Social distancing has been promised.

COLLEGE FOOTBALL: SEP 07 Nebraska at Colorado
Having fans in the stands? That’s bananas.
Photo by Russell Lansford/Icon Sportswire via Getty Images

The University of Colorado sent an email to season-ticket holders Wednesday morning that said that Folsom Field is “planning to welcome fans” during the 2020 college football season. This story was first reported by Henry Chisholm of DNVR.

As part of this welcoming of fans, the university claims that fans will be expected to wear masks, seating will be limited and spaced apart, and social distancing will be practiced in lines for tickets and concessions.

This announcement comes as a surprise considering not none of the major American sports have even considered bringing back fans. The Korean Baseball Organization began welcoming a limited number of fans into stadiums in late July, but South Korea flattened the curve early and effectively, and their daily case count has been on the decline since February 29th. As of this writing, there are 43 daily confirmed cases in all of South Korea; for comparison, Boulder County is at 17 daily cases as of August 1st, and Colorado had a 3-day rolling average of 435 daily cases as of July 16th.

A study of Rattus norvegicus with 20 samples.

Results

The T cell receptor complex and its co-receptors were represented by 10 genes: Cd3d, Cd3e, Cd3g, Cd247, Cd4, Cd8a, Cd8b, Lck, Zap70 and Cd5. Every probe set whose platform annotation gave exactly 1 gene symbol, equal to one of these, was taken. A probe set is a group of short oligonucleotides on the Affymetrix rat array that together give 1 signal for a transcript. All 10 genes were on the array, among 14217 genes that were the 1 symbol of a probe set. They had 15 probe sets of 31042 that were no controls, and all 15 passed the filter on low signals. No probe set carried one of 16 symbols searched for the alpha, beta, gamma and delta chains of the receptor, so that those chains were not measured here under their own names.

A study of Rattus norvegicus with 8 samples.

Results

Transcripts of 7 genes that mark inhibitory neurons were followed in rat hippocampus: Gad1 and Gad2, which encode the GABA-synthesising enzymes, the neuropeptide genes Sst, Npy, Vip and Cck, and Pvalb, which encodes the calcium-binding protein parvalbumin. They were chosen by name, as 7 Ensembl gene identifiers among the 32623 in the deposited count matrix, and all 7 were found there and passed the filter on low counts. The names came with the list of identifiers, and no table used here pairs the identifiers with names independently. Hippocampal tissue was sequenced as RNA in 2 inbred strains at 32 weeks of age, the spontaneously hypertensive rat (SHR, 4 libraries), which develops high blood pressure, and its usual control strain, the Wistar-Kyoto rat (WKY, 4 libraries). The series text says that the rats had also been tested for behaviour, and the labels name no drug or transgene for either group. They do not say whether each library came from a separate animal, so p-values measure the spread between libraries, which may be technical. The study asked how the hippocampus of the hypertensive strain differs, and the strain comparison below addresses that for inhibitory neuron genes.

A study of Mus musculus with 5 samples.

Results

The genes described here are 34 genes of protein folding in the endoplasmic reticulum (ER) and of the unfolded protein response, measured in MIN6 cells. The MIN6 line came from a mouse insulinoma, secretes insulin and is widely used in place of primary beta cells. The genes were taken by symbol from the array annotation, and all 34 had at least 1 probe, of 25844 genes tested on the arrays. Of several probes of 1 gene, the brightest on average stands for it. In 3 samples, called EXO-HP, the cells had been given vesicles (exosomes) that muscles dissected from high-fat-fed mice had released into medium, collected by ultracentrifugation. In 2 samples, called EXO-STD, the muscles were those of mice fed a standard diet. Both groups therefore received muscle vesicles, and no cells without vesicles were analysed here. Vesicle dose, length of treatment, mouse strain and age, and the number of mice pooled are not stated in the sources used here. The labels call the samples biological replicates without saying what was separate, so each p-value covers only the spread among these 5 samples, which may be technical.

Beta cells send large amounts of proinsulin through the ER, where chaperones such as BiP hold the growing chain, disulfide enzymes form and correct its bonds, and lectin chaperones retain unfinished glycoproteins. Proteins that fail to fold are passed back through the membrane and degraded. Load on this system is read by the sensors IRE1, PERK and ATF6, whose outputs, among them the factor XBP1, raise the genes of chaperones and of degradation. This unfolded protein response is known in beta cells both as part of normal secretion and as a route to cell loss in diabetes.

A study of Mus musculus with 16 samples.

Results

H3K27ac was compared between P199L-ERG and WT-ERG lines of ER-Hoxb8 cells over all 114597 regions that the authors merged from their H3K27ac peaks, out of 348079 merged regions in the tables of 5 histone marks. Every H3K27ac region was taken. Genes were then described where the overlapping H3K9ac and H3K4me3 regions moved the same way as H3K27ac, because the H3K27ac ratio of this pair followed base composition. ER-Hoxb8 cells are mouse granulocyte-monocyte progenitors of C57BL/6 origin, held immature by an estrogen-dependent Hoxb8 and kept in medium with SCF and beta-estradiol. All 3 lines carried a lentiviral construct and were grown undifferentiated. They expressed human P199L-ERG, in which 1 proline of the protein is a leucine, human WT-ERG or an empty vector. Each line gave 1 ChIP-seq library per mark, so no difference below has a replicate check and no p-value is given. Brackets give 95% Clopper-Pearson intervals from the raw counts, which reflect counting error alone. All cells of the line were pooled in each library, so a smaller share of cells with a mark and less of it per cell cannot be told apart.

The university still plans to have classes on campus and they’re still welcoming freshmen students into dorms. The student-athletes will not be isolated from the rest of the student body, which is particularly concerning because their classmates are unlikely to practice strict social distancing. (Parties were raging on the Hill during the height of the pandemic, so good luck keeping that in check.)

Having fans in the stands does not seem to pose additional risk to players, insofar as there’s no contact, directly or indirectly, with the coaches or players. But fans will be exposing other fans, and even if all parties are there willingly, it’s a public safety hazard. While Folsom Field is certainly a better option than the CU Events Center, fans will still be coming across the state to attend, conversing with each other and screaming during the game. Fans don’t need to be in the stands to make these games happen; instead, it seems the university is prioritizing ticket revenue despite a potential safety risk for those attending.

Of course, this could all be irrelevant. The university qualified this announcement by saying fans will be welcomed back as long as “public health conditions allow”. There are no specifics about what that means, but if Boulder and the surrounding area sees a spike in coronavirus cases, the university would most likely cancel attendance.